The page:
What Kind of Financial Statements Do Public Companies Have to File?

Public companies must file an unending stream of financial reports with the SEC. They must file financial reports quarterly as well as annually. They also must file reports after specific events, such as bankruptcy or the sale of a company division.

Quarterly reports

Each quarter, public companies must file audited financial statements on Form 10Q, in addition to information about the company's market risk, controls and procedures, legal proceedings, and defaults on payments.

Yearly report

Each year, public companies must file an annual report with audited financial statements and information about

  • Company history: How the company was started, who started it, and how it grew to its current level of operations

  • Organizational structure: How the company is organized, who the key executives are, and who reports to whom

  • Equity holdings: A list of the major shareholders and a summary of all outstanding stock

  • Subsidiaries: Other businesses that the company owns wholly or partially

  • Employee stock purchase and savings plans: Plans that allow employees to own stock by purchasing it or participating in a savings plan

  • Incorporation: Information about where the company is incorporated

  • Legal proceedings: Information about any ongoing legal matters that may be material to the company

  • Changes or disagreements with accountants: Information about financial disclosures, controls and procedures, executive compensation, and accounting fees and services

In addition to regular reports, public companies must file an 8-K, a form for reporting any major events that can impact the company's financial position. A major event may be the acquisition of another company, the sale of a company or division, bankruptcy, the resignation of directors, or a change in the fiscal year. A public company must report these events within four days of the event's occurrence.

The rules of the Sarbanes-Oxley Act

All the scandals about public companies that emerged in the early 2000s have made this entire reporting process riskier and more costly for company owners. In 2002, Congress passed a bill called the Sarbanes-Oxley Act to try to correct some of the problems in financial reporting. This bill passed as details emerged about how corporate officials from companies like Enron, MCI, and Tyco hid information from the SEC.

New SEC rules issued after the Sarbanes-Oxley Act passed require CEOs and CFOs to certify financial and other information contained in their quarterly and annual reports. They must certify that

  • They've established, maintained, and regularly evaluated effective disclosure controls and procedures.

  • They've made disclosures to the auditors and audit committee of the board of directors about internal controls.

  • They've included information in the quarterly and annual reports about their evaluation of the controls in place, as well as about any significant changes in their internal controls or any other factors that could significantly affect controls after the initial evaluation.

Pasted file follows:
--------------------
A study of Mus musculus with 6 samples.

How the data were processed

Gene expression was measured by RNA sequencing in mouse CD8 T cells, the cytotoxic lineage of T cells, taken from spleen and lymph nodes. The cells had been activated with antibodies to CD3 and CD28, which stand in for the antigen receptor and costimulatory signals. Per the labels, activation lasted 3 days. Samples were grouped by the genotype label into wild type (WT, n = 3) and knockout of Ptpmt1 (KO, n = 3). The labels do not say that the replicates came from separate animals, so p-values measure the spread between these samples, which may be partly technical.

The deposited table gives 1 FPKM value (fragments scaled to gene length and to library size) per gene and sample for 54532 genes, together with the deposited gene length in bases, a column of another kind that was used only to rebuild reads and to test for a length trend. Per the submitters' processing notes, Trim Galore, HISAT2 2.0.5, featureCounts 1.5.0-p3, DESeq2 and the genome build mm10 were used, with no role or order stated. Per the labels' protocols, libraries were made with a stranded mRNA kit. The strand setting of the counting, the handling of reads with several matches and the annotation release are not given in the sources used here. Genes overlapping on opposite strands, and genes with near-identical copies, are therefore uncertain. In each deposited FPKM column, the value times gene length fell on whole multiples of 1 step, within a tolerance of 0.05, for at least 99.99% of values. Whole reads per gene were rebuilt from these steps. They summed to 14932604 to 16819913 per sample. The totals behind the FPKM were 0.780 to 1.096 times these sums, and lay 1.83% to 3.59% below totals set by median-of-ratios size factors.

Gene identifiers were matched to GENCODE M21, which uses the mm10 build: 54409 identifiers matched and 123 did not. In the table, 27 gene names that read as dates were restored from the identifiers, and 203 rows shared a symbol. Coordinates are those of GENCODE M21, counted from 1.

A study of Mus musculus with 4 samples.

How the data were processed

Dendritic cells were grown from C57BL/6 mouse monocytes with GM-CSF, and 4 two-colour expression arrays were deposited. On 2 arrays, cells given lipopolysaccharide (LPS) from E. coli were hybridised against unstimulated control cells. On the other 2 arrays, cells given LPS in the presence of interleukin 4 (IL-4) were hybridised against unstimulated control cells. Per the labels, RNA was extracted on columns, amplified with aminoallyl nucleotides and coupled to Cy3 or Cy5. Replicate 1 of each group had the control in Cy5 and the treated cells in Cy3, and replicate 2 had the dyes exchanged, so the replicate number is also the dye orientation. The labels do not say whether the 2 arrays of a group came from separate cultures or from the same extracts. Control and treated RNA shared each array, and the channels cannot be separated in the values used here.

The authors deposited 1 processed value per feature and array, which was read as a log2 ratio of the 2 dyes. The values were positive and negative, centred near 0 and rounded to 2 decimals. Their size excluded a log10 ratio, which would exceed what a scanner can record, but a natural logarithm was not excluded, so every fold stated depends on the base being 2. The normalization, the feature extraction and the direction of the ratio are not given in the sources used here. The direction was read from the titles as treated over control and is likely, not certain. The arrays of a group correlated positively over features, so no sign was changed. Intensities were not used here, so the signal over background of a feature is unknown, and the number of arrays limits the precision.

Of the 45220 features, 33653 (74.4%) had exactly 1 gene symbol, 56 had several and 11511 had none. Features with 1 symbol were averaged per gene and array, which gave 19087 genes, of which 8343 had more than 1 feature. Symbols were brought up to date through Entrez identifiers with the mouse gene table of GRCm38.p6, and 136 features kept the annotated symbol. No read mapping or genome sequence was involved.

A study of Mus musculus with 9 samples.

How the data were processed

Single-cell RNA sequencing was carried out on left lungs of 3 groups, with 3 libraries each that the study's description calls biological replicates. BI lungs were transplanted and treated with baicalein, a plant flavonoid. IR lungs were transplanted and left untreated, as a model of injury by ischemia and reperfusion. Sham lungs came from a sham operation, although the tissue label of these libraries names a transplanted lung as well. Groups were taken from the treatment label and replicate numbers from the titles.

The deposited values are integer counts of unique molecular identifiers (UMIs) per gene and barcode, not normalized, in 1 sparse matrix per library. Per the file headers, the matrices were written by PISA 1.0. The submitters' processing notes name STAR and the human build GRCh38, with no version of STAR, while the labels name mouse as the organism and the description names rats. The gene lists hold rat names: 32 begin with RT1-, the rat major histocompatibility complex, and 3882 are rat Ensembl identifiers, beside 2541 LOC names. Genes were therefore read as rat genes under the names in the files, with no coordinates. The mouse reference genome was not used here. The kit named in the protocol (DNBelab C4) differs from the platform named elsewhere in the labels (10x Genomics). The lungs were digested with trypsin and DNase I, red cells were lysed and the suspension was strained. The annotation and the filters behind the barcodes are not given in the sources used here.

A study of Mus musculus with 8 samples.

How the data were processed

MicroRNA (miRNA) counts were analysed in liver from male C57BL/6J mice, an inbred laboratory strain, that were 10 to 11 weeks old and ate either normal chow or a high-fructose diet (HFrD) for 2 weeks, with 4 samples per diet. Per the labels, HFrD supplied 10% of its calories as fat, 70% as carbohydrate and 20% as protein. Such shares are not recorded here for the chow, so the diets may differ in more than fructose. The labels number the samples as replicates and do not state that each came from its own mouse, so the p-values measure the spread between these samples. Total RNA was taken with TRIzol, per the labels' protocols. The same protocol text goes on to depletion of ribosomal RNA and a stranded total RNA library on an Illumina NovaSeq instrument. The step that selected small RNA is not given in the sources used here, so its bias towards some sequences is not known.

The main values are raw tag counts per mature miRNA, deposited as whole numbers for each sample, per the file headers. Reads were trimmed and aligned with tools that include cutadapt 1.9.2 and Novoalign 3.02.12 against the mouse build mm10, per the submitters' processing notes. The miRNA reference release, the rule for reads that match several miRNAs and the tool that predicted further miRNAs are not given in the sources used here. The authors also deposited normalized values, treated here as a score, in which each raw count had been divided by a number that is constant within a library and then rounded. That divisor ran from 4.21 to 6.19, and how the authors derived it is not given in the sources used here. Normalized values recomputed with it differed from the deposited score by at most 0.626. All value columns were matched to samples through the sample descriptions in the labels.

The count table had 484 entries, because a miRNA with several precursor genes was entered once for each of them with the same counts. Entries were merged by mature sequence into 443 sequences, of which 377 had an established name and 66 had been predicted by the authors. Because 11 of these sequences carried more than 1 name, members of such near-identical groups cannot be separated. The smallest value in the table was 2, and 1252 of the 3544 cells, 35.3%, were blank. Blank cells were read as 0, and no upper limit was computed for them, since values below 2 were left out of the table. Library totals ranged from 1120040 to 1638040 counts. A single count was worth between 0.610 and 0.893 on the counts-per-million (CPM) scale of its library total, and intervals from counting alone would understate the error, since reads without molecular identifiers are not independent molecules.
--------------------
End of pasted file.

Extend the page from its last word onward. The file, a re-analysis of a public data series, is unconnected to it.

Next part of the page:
If a CEO or CFO certifies this information and that information later proves to be false, he or she can end up facing criminal charges. Since the passage of the Sarbanes-Oxley Act, companies have delayed releasing financial reports if the CEO or CFO has any questions rather than risk charges.

You'll probably hear more about delays in reporting as CEOs and CFOs become more reluctant to sign off on financial reports that may have questionable information. Shareholders often panic when they hear about a delay, and stock prices drop.

The Sarbanes-Oxley Act has added significant costs to the entire process of completing financial reports, affecting the following components:

  • Documentation: Companies must document and develop policies and procedures relating to their internal controls over financial reporting. Although an outside accounting firm can assist with the documentation process, managers must be actively involved in the process of assessing internal controls — they can't delegate this responsibility to an external firm.

  • Audit fees: Independent audit firms now look a lot more closely at financial statements and internal controls in place over financial reporting, and the SEC's Public Company Accounting Oversight Board (PCAOB) now regulates the accounting profession. The PCAOB inspects accounting firms to be sure they're in compliance with the Sarbanes-Oxley Act and SEC rules.

  • Legal fees: Because companies need lawyers to help them comply with the new provisions of the Sarbanes-Oxley Act, their legal expenses are increasing.

  • Information technology: Complying with the Sarbanes-Oxley Act requires both hardware and software upgrades to meet the internal control requirements and the speedier reporting requirements.

  • Boards of directors: Most companies must restructure their board of directors and audit committees to meet the Sarbanes-Oxley Act's requirements, ensuring that independent board members control key audit decisions. The structure and operation of nominating and compensation committees must eliminate even the appearance of conflicts of interest.

    Companies must make provisions to give shareholders direct input in corporate governance decisions. Businesses also must provide additional education to board members to be sure they understand their responsibilities to shareholders.